Fogged Out

I should have known better than to try to take a last minute trip to the beach Friday. I had missed a package from Apple the day before and had to wait to go to the beach until it was delivered Friday, making it impossible to plan the day. Still, I wasn’t going to sit home all day on an 80℉ day.

Despite my late start, it was beautiful when I stopped at The Chehalis Wildlife Area around noon, though birds were scarce. It was well worth the drive simply to soak in the sunshine and see the numerous cow lilies (I always thought they were water lilies, but Google seemed to imply otherwise) in all their brilliance:

Cow Lily

It was still sunny when I reached Raymond on the coast. I generally detest Scotchbroom’s invasive tendencies, but looking at this variety I can see why people wanted it in their yards:

Scotch Broom

Further up the road, the first native roses suggested Summer is nigh at hand:

Native Rose

Unfortunately, high tide wasn’t until 6:30 PM and when I stopped for lunch/dinner at 3:30 at Westport, the fog was beginning to stream in. By 4:30 when I arrived at Bottle Beach, I was wondering if I was going to get any pictures at all.

I felt lucky to get much closer to these four Short-Billed Dowitchers than I had the previous time I saw them, and through the magic of Aperture and Photoshop I was able to pull most of the color out of some of the RAW photos I shot:

Short-Billed Dowitchers

The reality is, though, that this shot

Short-Billed Dowitchers

more accurately conveys what I saw while taking pictures, even though the fog varied from moment to moment.

People, including me, used to say that cameras were a poor imitation of the human eye, but top level digital cameras now have the ability to see more accurately than the human eye, at least when augmented with superior software.

Mima Mounds

I’ve been told several times that Mima Mounds near Chehalis is a spectacular area, good for bees, butterflies, and birds. I visited last fall and didn’t find that to be true but was told that the best time to visit is late Spring, or early Summer.

So I decided that today was a good day to drive down there. The most impressive sight was whole fields of Camas Lily, a plant I’ve rarely seen despite all the hiking I’ve done here in the Pacific Northwest.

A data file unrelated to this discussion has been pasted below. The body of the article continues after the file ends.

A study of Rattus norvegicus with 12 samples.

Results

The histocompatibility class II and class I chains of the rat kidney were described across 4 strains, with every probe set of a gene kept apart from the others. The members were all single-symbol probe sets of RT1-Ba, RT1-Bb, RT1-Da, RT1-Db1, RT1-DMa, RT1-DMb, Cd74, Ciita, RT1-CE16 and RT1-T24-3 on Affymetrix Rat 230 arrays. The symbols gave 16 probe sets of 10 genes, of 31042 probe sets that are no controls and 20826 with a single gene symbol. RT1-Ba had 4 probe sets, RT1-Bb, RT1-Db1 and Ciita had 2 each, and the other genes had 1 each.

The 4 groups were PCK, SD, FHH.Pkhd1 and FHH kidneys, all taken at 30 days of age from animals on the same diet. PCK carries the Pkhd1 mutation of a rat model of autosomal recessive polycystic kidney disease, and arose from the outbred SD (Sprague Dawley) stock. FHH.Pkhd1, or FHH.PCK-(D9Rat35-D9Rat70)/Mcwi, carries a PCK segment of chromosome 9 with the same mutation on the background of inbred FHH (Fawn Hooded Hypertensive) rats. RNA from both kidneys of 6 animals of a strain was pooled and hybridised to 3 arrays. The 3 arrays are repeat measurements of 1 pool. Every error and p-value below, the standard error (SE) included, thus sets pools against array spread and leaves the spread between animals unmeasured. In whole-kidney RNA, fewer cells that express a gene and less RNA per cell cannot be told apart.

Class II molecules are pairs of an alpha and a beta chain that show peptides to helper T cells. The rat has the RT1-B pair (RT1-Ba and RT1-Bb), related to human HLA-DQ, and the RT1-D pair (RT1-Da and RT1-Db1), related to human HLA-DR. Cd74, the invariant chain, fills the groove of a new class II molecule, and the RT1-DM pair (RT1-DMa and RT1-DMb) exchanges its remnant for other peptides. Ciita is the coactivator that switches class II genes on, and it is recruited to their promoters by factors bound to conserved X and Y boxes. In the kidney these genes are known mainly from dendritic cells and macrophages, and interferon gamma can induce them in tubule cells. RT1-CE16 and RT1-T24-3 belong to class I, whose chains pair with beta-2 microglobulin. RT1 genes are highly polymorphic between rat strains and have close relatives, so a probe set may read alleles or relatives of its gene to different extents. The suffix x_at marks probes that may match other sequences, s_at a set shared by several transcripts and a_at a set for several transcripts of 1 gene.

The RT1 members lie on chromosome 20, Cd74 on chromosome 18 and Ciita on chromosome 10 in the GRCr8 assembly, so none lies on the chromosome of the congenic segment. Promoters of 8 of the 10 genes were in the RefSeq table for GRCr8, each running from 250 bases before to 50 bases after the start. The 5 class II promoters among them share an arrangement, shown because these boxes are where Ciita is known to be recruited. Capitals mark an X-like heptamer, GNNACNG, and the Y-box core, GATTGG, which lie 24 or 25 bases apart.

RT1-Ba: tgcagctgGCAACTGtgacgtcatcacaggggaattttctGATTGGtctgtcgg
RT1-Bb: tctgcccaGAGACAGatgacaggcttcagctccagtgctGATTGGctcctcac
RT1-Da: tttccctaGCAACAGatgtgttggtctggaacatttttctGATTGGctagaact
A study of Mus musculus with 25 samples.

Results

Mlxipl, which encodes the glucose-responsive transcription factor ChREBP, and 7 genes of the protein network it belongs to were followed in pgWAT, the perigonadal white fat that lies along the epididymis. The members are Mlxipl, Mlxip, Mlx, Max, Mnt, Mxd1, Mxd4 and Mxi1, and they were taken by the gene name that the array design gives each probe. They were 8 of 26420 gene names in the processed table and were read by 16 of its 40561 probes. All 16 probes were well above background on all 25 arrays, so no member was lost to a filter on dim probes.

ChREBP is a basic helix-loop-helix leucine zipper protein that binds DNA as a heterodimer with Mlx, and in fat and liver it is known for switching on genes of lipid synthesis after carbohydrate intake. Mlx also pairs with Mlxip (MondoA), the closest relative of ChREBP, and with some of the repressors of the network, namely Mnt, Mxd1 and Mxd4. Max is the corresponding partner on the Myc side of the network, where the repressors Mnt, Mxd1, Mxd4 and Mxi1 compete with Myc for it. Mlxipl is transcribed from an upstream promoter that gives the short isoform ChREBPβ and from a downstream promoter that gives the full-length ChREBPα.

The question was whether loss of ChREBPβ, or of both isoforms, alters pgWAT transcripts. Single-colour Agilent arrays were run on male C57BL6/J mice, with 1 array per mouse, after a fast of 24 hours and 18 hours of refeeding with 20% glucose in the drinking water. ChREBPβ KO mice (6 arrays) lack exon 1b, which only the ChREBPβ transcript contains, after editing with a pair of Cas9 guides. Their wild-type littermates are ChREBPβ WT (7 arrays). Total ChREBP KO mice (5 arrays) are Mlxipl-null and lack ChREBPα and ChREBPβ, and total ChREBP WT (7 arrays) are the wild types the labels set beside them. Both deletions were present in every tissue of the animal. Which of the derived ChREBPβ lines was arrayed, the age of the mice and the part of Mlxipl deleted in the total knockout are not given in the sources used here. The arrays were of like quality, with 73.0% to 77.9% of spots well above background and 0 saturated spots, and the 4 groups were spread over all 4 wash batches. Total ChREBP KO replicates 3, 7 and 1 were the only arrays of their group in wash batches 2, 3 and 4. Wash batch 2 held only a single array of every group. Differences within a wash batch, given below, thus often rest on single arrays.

Field Of Camas Lilly

In fact, there were so many that it was difficult to isolate a single flower.

Camas Lily

Unfortunately, there were few other flowers and even those were quite small and hard to find like this purple flower, shown larger than life size.

purple flower

I thought I must have missed some birds but another couple told me that all they’d seen were Savannah Sparrows, like this one who kept his distance no matter how patient I was.

Savannah Sparrow

I did see a considerable number of butterflies, but they were all a small, rather undistinguished one that made up for it’s lack of size with its flittiness, which probably explains why I never managed to get a single decent shot of one.

Perhaps I’m just mistiming my visits, but it’s unlikely I’ll return next year. It’s just too long of a drive for such unpredictable results.

A Few Roses and Much More

Today’s forecast called for rain and the dark, looming clouds seemed to indicate it was spot on, but it never rained. Mid-afternoon I decided to go to Pt. Defiance Park and see what was in bloom.

There were only three roses in bloom, but I couldn’t resist taking pictures of two of the three, this orange beauty

Orange Rose

and a classic pink rose.

Pink Rose

Summer’s obviously not here yet, but the gardens were still delightful, with rhododendrons still dominating the landscape as they always do in Spring here.

It’s time to visit the Iris Garden if you want to see them this year. Almost all were in bloom, and several have already faded in the weekend’s heat. Though not as flashy as the regular Iris, my favorite is still the Siberian Iris, with their delicate blossom.

Purple Siberian Iris

The park’s Cala Lily are month’s ahead of mine, and they, too, are in full bloom.

Cala Lily

If that’s not enough to convince you to visit, the parks gardeners were busy planting annuals for immediate color as I left.

Three Birds

Although birding wasn’t spectacular Sunday and I didn’t see anything new, or even the songbirds that I’d hoped to see, I did manage to get my first duckling picture of ’09, a picture of a Mallard with one of her twelve ducklings:

Mallard with Duckling

I would have had to had a really wide angle lens to get her and all of her ducklings at the same time.

As I noted before, it finally turned sunny when we’d almost finished our walk, just in time to get a picture of this male Goldfinch,

male Goldfinch

a much better shot than I’ve managed to get of the many that have been visiting my feeder recently.

Of course, I also walked out on the pier to watch the swallows, my favorite reason to go to Belfair this time of year. It’s the only place I know where you can almost touch them if you’re patient enough,

Barn Swallow

and if there’s anything I’ve learned from birding the last five years it is patience.